Rehabilitation, Not Retribution, Is How We Reform Our Prisons

Renew member Victor Zanchi gives his take on the need for rehabilitative prison reform in the UK.

Beyond ensuring a fair trial in which victims receive any reparations due, the purpose of a criminal justice system is to keep society safe from those that would cause it harm. Putting someone in prison is a way of isolating them from the world, and, in theory, preventing them from committing further crimes. But, in our modern society, it is generally accepted that for all but the most heinous crimes, a prisoner will need to be released sooner or later back into society. It is here that our own criminal justice system fails the very people it’s designed to protect. 

In the UK, reoffending rates are high. Violence is rampant in our prisons, recruiting officers is difficult and our prisons are overcrowded. But what will Boris Johnson’s “investment” achieve? More prison places and more guards, perhaps, but longer sentences will use up those new resources faster than they can be put in place.

The answer is a shift in how we treat our prisoners, and like many things, our friends on the continent - the Norwegians, to be exact - have an idea. The BBC featured an excellent article in July which sheds light on a criminal justice system that solves a lot of the issues we currently face.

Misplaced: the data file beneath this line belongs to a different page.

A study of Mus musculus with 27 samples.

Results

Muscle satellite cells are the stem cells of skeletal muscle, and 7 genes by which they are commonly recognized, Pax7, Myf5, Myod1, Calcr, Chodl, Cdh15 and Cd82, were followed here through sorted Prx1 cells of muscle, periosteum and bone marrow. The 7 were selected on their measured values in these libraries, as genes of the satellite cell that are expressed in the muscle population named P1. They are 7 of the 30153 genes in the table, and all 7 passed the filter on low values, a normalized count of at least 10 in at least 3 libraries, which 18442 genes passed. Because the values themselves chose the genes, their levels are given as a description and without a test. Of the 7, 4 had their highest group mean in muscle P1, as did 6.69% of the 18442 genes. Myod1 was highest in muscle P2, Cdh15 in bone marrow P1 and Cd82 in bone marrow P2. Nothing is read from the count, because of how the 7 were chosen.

In Norway, inmates are given training and education while undertaking community service programmes and work. The guards are involved in those same activities, treating the inmates as fellow human beings rather than cattle, and they are, in turn, respected. Sentences are limited but reviewed often, and an inmate’s release is planned from the day they arrive. Focus is on their mental health and a calm atmosphere. Most of all, the system is designed to turn them into productive members of society.

Officers are of mixed gender, but there is hardly any violence – and the prisons reflect what the world is like outside, preparing them for life beyond bars. The result is that reoffending rates in Norway are only 20% after two years, half of those in England.

A similar system in the UK would mean more money being spent per prisoner, perhaps, but those prisoners would be in jail for less time and be far less likely to come back. Not only would they contribute to society while in prison through various community work schemes, but they would return to being productive, tax-paying members of society at the end of their sentence. 

Furthermore, we would have less violence in our prisons and fewer issues with drugs. We’d find it easier to recruit and keep officers, and I believe we’d see a positive impact on crime rates overall. That would more than make up for any extra investment needed.